Shoreham firefighter dies helping stranded motorist
SHOREHAM — A Shoreham firefighter died in the line of duty while helping a fellow resident whose vehicle had slid into a ditch off an icy Richville Dam Road on Sunday, Dec. 27.
Vermont State Police said Peter J. Coe, 43, died after being struck by an oncoming pickup truck as he was helping free the stranded car from the ditch.
Coe, who had been a Shoreham firefighter for around a half-dozen years, was recalled as a dedicated volunteer who was always around to lend a hand and spread good cheer.
“I don’t think people will realize the hole (his absence) will leave in the community,” said Jim Ortuna, one of Coe’s best friends and a fellow Shoreham firefighter. “As a firefighter, I trusted him with my life. He died helping somebody, which is the way he would’ve wanted it.”
It was around 6:30 p.m. on Dec. 27 that Coe and his family were traveling east on the Richville Dam Road when they saw a 2006 Toyota car stuck in the ditch. The Toyota, driven by Rachel Herrick, 26, of Shoreham, had slid into the ditch in what authorities described as icy, foggy conditions.
Coe, who was traveling with family members, pulled his vehicle into the west-bound lane of the road, facing east, in an attempt to pull out the Toyota. Police noted the stretch of road in question is on a crest of a hill and contains a slight curve.
As Coe was preparing to extricate the stranded car, a west-bound, full-size Chevrolet pickup pulling an empty flat-bed trailer crested the hill, attempted to stop but couldn’t, then went off the road on the north side where the Chevy struck Coe, who was standing outside his vehicle, then collided with a CVPS power pole and a large tree as the trailer came to rest alongside the Toyota.
The driver of the pickup, Jason K. Vandeweert, 30, of Addison, told police he saw Coe’s vehicle’s headlights in the foggy east-bound lane as he came over the hill and, after realizing he couldn’t stop in time to avoid a collision, veered off the road — not seeing Coe or the other car.
Coe died as a result of head injuries and chest trauma, according to police. Vandeweert sustained a hand laceration and a knee injury, police said, who also noted Vandeweert’s truck was totaled. Herrick, who was accompanied by her mother as well as her small child, was unhurt.
The Shoreham Volunteer Fire Department, Shoreham First Response and the Middlebury Volunteer Ambulance Association all assisted VSP at the scene of the accident.
Shoreham firefighter Jeff Treadway, who also responded to the scene, said Coe and his vehicle were not obstructing the road at the time of the accident, though Lt. Bruce Melendy said Coe’s truck was in the lane far enough to require the oncoming vehicle to take evasive action.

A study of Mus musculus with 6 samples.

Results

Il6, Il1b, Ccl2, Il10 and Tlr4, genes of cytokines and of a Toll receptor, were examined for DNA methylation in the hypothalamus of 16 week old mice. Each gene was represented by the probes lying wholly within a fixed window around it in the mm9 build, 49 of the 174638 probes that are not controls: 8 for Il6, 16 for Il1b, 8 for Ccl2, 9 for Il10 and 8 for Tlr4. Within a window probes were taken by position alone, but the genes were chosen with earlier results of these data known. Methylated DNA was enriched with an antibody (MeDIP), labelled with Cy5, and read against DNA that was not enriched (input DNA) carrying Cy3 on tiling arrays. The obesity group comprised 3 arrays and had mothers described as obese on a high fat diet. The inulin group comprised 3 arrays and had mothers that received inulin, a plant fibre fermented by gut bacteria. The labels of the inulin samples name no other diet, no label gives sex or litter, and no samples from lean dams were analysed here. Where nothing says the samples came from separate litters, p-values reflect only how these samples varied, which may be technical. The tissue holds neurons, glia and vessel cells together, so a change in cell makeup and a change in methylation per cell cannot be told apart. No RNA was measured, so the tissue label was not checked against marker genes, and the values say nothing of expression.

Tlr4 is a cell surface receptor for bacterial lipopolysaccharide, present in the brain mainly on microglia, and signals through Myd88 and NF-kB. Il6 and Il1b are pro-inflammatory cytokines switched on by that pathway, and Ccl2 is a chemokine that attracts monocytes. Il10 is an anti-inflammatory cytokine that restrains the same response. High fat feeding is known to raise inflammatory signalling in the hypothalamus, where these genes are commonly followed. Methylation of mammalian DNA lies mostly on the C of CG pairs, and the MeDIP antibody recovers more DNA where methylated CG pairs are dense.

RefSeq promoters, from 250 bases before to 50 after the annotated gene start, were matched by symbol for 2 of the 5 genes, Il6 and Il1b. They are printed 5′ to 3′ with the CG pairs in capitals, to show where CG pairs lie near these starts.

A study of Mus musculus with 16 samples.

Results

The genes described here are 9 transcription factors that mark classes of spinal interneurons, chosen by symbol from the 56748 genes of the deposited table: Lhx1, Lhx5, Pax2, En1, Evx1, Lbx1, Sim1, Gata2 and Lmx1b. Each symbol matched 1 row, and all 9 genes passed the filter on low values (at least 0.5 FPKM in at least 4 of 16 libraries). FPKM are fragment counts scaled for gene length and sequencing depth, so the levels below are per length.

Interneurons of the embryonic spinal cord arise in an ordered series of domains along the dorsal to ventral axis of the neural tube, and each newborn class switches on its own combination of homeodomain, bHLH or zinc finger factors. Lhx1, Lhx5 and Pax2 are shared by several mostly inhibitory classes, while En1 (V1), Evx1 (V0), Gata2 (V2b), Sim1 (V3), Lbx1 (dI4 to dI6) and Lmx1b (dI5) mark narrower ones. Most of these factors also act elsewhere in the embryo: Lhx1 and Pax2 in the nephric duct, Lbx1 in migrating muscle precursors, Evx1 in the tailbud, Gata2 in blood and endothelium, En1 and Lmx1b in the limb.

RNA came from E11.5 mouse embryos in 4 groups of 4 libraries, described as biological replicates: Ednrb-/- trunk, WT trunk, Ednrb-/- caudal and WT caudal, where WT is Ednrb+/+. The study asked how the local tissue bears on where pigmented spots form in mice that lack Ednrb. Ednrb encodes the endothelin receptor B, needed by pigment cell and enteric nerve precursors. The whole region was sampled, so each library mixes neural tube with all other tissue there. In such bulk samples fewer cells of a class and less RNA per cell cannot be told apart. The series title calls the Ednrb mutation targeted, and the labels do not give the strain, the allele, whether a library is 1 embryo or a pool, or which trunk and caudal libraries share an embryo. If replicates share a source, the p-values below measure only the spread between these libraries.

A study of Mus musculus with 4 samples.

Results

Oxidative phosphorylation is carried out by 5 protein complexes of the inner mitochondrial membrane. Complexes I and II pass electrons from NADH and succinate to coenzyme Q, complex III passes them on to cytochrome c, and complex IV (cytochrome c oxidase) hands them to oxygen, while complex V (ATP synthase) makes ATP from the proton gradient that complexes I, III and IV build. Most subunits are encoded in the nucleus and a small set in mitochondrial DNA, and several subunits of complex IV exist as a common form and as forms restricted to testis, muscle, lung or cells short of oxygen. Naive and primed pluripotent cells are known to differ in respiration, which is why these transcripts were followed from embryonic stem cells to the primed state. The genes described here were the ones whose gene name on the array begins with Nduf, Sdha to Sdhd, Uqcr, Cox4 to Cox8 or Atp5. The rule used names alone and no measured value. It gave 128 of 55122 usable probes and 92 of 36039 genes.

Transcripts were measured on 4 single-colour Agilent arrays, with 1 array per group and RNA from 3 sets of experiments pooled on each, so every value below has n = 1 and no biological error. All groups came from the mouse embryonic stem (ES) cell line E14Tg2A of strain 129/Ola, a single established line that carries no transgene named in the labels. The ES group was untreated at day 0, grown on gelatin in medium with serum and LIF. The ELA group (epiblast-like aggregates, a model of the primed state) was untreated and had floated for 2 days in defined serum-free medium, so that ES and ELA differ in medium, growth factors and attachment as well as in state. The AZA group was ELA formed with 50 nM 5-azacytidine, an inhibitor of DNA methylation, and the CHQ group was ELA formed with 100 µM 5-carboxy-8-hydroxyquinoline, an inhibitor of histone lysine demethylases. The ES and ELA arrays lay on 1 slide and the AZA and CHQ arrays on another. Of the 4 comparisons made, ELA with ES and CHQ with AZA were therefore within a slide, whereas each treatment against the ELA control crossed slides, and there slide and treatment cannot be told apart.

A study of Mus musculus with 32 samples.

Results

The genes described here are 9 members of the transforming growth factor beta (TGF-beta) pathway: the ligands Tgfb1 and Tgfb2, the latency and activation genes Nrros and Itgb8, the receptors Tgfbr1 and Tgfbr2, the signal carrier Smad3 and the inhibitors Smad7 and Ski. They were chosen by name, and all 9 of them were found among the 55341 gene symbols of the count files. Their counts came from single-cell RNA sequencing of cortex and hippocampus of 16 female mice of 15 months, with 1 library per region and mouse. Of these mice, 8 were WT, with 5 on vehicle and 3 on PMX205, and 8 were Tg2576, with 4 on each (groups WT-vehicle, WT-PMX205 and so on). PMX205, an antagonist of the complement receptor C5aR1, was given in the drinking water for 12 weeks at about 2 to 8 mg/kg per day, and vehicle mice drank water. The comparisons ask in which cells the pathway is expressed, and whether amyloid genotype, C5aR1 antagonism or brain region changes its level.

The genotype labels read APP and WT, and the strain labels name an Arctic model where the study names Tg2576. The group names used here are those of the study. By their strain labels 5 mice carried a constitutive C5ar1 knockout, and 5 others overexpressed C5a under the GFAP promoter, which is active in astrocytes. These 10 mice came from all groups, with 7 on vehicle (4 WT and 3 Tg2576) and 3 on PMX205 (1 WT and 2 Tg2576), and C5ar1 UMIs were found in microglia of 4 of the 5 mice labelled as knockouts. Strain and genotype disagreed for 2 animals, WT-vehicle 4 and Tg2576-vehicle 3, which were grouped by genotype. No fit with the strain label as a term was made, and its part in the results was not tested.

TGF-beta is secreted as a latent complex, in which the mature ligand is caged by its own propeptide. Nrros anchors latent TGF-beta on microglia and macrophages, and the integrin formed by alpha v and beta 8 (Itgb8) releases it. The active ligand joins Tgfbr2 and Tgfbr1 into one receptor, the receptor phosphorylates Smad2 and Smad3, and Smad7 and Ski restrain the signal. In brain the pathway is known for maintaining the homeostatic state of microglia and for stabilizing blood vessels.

“It’s a very difficult situation,” Melendy said late Monday afternoon. “You have a volunteer attempting to help someone … his truck is positioned so his headlights are shining into the lane of oncoming traffic on a foggy night with the crest of the hill obscuring visibility, plus you have icy roads … It’s just a tragic outcome.”
While the department had not been called out to the scene and Coe was using his personal vehicle in an effort to extricate the ditched car, Treadway stressed that Coe was acting on behalf of the department. Coe is the first Shoreham firefighter in at least the past 30 years to die in the line of duty, according to Treadway, whom he recalled as “an outstanding member,” who “had a way of making people laugh and always saw the humor in things.”
His service went beyond firefighting.
Coe, who leaves a wife, Valerie, a son Nick and a daughter Genevieve, worked as an affordable housing property manager employed by the Addison County Community Trust (ACT). He also oversaw Helping Overcome Poverty’s Effects (HOPE’s) affordable housing in the county.
“This is a huge loss,” Jeanne Montross, executive director of HOPE, said of Coe’s sudden and tragic death. “He was the best property manager there could be. He really cared about the tenants, and went out of his way to make sure low-income people stayed in affordable housing.”
“He wasn’t just a property manager,” Ortuna said. “He was someone who cared about your situation.”
Ortuna stressed that Coe encouraged his tenants to improve their circumstances and treat their housing with respect.
“He made people feel better about themselves,” Ortuna said. “He helped a lot of people who wanted to do something with their lives.”
As the Addison Independent went to press, Coe’s memorial service had been set for Thursday, Dec. 31, at 1 p.m. at the Shoreham Congregational Church, with a gathering to follow at the town fire department.
Coe will leave a lasting legacy, Ortuna said.
“He was an unbelievable person and the greatest friend you’d ever want,” Ortuna said. “There wasn’t a project too small or too big; he’d always be there to help you. I have never seen someone so giving to strangers.”
The accident is still under investigation. Anyone with any information should contact Trooper Todd Conway at 388-4919.